A report released today by Ireland’s largest multinational CRH confirmed the global cement giant has divested from its 25% stake in the Israeli cement market.
The company has been a focus of a sustained campaign calling for such a divestment from the Ireland-Palestine Solidarity Campaign (IPSC) and other groups for over a decade, due to role its Israeli subsidiary Nesher Cement plays in supplying materials for the building of Israel’s illegal separation wall, checkpoints and settlements.
In the report CRH stated that it had “completed 13 divestments in 2015, the largest of which was the disposal of CRH’s 25% equity stake in its Israeli operation.”
That 25% stake was held in the Mashav group, the holding company for Nesher Cement, the sole producer of cement in Israel. Nesher is involved in the building of the separation wall in the West Bank which annexes Palestinian land to Israel, and has been declared illegal by the International Court of Justice. Nesher’s actions support and sustain the ongoing Israeli military occupation of Palestinian land.
Nesher Cement is also used in the construction of illegal colonial settlements in the occupied territories, checkpoints that impede travel and commerce for Palestinians, and more than 700 kilometres of Israeli-only roads in the West Bank (See the Who Profits? website for details of Nesher’s involvement).
For more than a decade the IPSC has been campaigning for CRH to divest and end its complicity in Israel’s serious human rights violations and war crimes. The issue of CRH’s complicity due to it’s Israeli investment has been consistently raised in the proceedings of Annual General Meetings by IPSC members who are also shareholders in the company, as well as in colourful, creative and lively demonstrations outside these meetings.
In 2012 the IPSC presented a 10,000-signature strong petition to the CRH Board calling for divestment, and also filed a complaint with the OECD.
Last year IPSC shareholders unfurled a banner inside the AGM reading “CRH: Stop Profiting from the Destruction of Palestine” and asked the AGM to observe a minute’s silence for the thousands of victims of the 2014 Israeli assault on Gaza.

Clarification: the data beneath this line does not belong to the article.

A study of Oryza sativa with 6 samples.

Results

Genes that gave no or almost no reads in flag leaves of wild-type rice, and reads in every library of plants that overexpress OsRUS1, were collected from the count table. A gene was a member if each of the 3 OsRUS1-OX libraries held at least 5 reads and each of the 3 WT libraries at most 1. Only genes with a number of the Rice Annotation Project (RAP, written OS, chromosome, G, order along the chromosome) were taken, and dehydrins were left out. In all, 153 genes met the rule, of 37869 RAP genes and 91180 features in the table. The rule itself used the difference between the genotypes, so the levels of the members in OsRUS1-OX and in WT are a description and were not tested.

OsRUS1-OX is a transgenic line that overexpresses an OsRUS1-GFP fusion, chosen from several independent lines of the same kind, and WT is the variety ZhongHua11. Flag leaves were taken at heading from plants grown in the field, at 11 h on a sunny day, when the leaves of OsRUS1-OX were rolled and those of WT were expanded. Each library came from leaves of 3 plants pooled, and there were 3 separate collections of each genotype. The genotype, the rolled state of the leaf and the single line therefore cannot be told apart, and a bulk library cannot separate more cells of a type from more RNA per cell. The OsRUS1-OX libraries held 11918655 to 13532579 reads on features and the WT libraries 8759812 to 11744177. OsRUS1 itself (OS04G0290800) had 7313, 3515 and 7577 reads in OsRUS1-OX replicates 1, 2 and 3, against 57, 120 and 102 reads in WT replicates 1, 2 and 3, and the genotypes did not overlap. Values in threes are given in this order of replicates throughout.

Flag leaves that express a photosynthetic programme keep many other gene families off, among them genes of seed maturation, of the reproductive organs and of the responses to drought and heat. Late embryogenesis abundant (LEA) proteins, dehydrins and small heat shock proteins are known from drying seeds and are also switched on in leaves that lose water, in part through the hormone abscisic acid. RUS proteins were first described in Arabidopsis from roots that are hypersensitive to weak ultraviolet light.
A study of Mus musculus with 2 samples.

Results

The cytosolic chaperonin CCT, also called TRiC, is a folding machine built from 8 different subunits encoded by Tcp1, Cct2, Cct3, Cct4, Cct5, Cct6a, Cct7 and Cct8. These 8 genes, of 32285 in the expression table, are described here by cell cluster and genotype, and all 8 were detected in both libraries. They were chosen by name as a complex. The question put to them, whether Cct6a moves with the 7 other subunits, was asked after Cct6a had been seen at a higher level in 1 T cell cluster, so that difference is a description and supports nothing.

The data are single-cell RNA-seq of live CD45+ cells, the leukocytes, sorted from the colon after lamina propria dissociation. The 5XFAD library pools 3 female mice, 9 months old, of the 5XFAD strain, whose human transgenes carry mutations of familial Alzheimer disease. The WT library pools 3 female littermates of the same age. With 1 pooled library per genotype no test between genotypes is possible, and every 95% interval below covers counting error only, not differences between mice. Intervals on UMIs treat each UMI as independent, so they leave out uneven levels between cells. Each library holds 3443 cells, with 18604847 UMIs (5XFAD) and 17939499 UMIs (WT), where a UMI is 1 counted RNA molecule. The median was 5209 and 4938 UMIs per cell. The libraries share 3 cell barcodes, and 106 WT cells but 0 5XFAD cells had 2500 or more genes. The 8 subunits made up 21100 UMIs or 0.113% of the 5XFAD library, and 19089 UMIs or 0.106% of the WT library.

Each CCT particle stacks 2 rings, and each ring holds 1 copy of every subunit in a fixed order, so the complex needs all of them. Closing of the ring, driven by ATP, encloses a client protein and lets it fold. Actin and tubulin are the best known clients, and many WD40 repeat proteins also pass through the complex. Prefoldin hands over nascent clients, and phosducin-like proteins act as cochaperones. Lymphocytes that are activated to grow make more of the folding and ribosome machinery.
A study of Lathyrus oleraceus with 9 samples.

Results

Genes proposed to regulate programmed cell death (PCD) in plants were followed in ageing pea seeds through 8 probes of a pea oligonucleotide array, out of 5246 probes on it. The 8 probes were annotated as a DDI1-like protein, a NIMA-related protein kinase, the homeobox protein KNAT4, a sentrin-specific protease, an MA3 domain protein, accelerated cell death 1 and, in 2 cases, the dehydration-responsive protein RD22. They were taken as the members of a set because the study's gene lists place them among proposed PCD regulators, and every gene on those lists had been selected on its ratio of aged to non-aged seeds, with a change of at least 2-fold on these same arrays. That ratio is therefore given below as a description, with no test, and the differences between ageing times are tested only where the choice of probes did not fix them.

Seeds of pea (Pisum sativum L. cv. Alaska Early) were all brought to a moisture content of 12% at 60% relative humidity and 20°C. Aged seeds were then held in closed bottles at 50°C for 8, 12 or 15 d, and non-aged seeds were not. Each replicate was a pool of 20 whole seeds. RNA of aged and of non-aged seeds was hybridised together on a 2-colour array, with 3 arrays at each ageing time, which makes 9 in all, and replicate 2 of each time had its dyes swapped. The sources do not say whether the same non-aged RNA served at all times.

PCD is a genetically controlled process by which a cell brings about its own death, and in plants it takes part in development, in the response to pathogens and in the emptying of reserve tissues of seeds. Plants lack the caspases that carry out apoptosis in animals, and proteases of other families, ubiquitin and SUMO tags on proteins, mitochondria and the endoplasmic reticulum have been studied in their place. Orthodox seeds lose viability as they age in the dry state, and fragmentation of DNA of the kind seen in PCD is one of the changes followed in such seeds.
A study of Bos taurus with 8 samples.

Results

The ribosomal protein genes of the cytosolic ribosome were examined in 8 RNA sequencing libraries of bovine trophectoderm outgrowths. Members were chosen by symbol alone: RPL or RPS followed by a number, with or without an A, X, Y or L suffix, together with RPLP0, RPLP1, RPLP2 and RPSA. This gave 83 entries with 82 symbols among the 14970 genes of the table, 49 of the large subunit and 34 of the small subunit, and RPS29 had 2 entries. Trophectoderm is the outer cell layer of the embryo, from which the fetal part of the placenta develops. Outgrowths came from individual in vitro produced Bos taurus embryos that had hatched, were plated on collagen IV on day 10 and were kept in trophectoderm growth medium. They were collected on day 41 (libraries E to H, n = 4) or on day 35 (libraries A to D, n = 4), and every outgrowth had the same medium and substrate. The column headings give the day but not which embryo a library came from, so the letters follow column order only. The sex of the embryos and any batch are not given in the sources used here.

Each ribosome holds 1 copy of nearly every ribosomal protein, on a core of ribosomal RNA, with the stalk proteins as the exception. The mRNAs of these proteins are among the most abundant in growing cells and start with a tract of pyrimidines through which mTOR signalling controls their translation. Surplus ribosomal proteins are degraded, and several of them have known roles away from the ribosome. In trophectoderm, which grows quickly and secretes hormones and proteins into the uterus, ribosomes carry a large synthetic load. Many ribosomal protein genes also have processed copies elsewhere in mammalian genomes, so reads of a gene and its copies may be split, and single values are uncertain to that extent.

Other actions included a travelling mock checkpoint roadshow which highlighted CRH’s role in the wall to the Irish public, working with Palestinians on the ground to highlight the issue locally – particularly in Bi’lin village – and bringing the issue to the Russell Tribunal on Palestine.
IPSC Chairperson Martin O’Quigley said: “This is an important victory for Palestinians whose lives and livelihoods have been destroyed by the unceasing construction of the Apartheid Wall, which steals Palestinian lands, divides communities, destroys the social fabric and makes normal life impossible. The wall and Israel’s colonial settlements were declared illegal by the World Court over a decade ago. It is disappointing that it has taken CRH so long to divest itself from its shameful investment in these toxic Israeli assets and to stop profiting from the occupation of Palestine, but it is better late than never.”
“This divestment is just the latest in a number of high profile victories for the global Palestinian-led Boycott, Divestment and Sanctions (BDS) movement. In August last year the French multinational Veolia, which the IPSC also campaigned on, pulled out of its Israel operations which included operating a tram service to illegal settlements. Earlier this month, the communications giant Orange dumped its Israeli affiliate, which had backed the Israeli assault on Gaza in 2014 and ‘adopted’ a military unit. ‘Brand Israel’, it seems, is becoming increasingly toxic and it appears that international companies are eventually learning that it doesn’t pay to do business with the Apartheid state,” Mr. O’Quigley concluded.
The BDS movement, Palestinian civil society’s movement for freedom, justice and equality is beginning to seriously bite for Israel. According to the World Bank there was a drop of almost 25% in Palestinian imports from Israel in 2015.
A UN report showed that Foreign Direct Investment plummeted by almost half in 2014, partly, the report concluded, due to the growing strength of the BDS movement, while an Israeli government report said that exports of weapons systems and Israeli-developed arms technologies were down by 13% in the same period.
The latest available figures for 2015 show that Israeli diamond exports fell 25%, exports of goods were down 7.5%, and exports of services slumped by 3%.
A leaked Israeli government report estimates that BDS could cost Israel’s economy $1.4bn a year, while a study by the Rand Corporation states that BDS could cost Israel between 1 and 2 per cent annually over 10 years.
Israeli officials view the growing BDS movement as a major “strategic threat” to its apartheid settler colonial regime – so much so that it has created a ministry to fight the campaign, and poured millions of dollars into its propaganda and sabotage efforts.